It’s Valentine’s Day and romance is in the air. Scammers, however, are looking for victims, not love.
Did you know that romance scams cost Americans more money than any other type of internet fraud? The Federal Trade Commission (FTC) reported that, in 2018, people lost more than $140 million to romance scams.
The average victim lost $2,600; however, for people over 70, the median reported loss was $10,000. Experts believe that only 15% of victims ever report these crimes, so the true figures are likely much higher.
What is a romance scam?
Scammers use online dating sites, mobile games with chat functions such as Words with Friends, Facebook and other social media to initiate a relationship with their victims. They create fake profiles using stolen photographs and false identities.
While developing an online relationship, scammers often “groom” victims until they have established a seemingly real connection. Once the person begins to trust them, the scammers ask for money.
There is typically a story behind why the scammers need the funds, but they don’t provide many details, so victims cannot verify the story for themselves.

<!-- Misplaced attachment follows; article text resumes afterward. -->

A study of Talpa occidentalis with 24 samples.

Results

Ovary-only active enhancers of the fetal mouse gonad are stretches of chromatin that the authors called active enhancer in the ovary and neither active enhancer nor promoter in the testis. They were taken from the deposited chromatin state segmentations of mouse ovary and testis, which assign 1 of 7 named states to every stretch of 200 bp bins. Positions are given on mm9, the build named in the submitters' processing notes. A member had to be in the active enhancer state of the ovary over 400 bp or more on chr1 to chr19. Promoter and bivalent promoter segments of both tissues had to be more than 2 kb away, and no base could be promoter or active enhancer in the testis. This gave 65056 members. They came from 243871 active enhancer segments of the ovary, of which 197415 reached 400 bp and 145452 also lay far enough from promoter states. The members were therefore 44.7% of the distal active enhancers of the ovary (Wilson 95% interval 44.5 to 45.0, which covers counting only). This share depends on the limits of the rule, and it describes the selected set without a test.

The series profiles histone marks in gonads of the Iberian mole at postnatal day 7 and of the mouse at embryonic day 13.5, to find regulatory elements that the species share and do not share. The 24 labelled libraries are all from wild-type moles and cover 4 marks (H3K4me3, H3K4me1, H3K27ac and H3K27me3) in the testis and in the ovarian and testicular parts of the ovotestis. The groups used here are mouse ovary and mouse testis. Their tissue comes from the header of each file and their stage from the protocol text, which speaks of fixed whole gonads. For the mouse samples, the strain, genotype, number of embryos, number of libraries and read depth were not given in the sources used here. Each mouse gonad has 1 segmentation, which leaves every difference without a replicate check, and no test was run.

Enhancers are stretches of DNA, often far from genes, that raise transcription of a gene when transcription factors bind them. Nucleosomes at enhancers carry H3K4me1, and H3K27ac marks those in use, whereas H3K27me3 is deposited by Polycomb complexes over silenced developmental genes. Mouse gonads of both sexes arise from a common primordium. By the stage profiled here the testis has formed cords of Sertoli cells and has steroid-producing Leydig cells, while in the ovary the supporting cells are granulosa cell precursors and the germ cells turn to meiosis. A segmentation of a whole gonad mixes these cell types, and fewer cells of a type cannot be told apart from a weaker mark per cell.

How do bankers recognize these scams?
South State bankers are trained to spot signs of potential identity theft and fraud, such as unusual account activity. They take note if a customer suddenly begins wiring money or seems anxious or hurried and does not want to provide any information about a transaction.
Bankers will notify the Fraud team if they suspect a customer has become victim of a scam. Together they will work with the customer to ensure no fraudulent transactions take place and that their account remains secure.
Why is a romance scam considered fraud?
Not only do these scammers take money from vulnerable individuals through manipulation and false identities, they often involve victims in a larger ring of fraudulent activity.
People who wire money to a scammer or to someone else on behalf of a scammer may unwittingly be a part of a fraud ring, putting them at risk. While scammers sometimes act alone, they can be part of a larger organized crime unit in foreign countries such as Nigeria and Ghana.
Scammers may occasionally ask victims for online banking credentials, so they can deposit “checks” into the victim’s account. The deposited checks are typically returned as counterfeit, leaving the customer responsible for the funds. If a customer receives instructions to deposit a check and send money or gift cards to someone else, this could be part of a larger money laundering operation.
Customers who fall for these scams are likely to be targeted again, which is why it is very important to promptly report a suspected scam to the Federal Bureau of Investigation’s (FBI) Internet Crime Complaint Center.
Visit South State’s website to learn more about protecting yourself from fraud.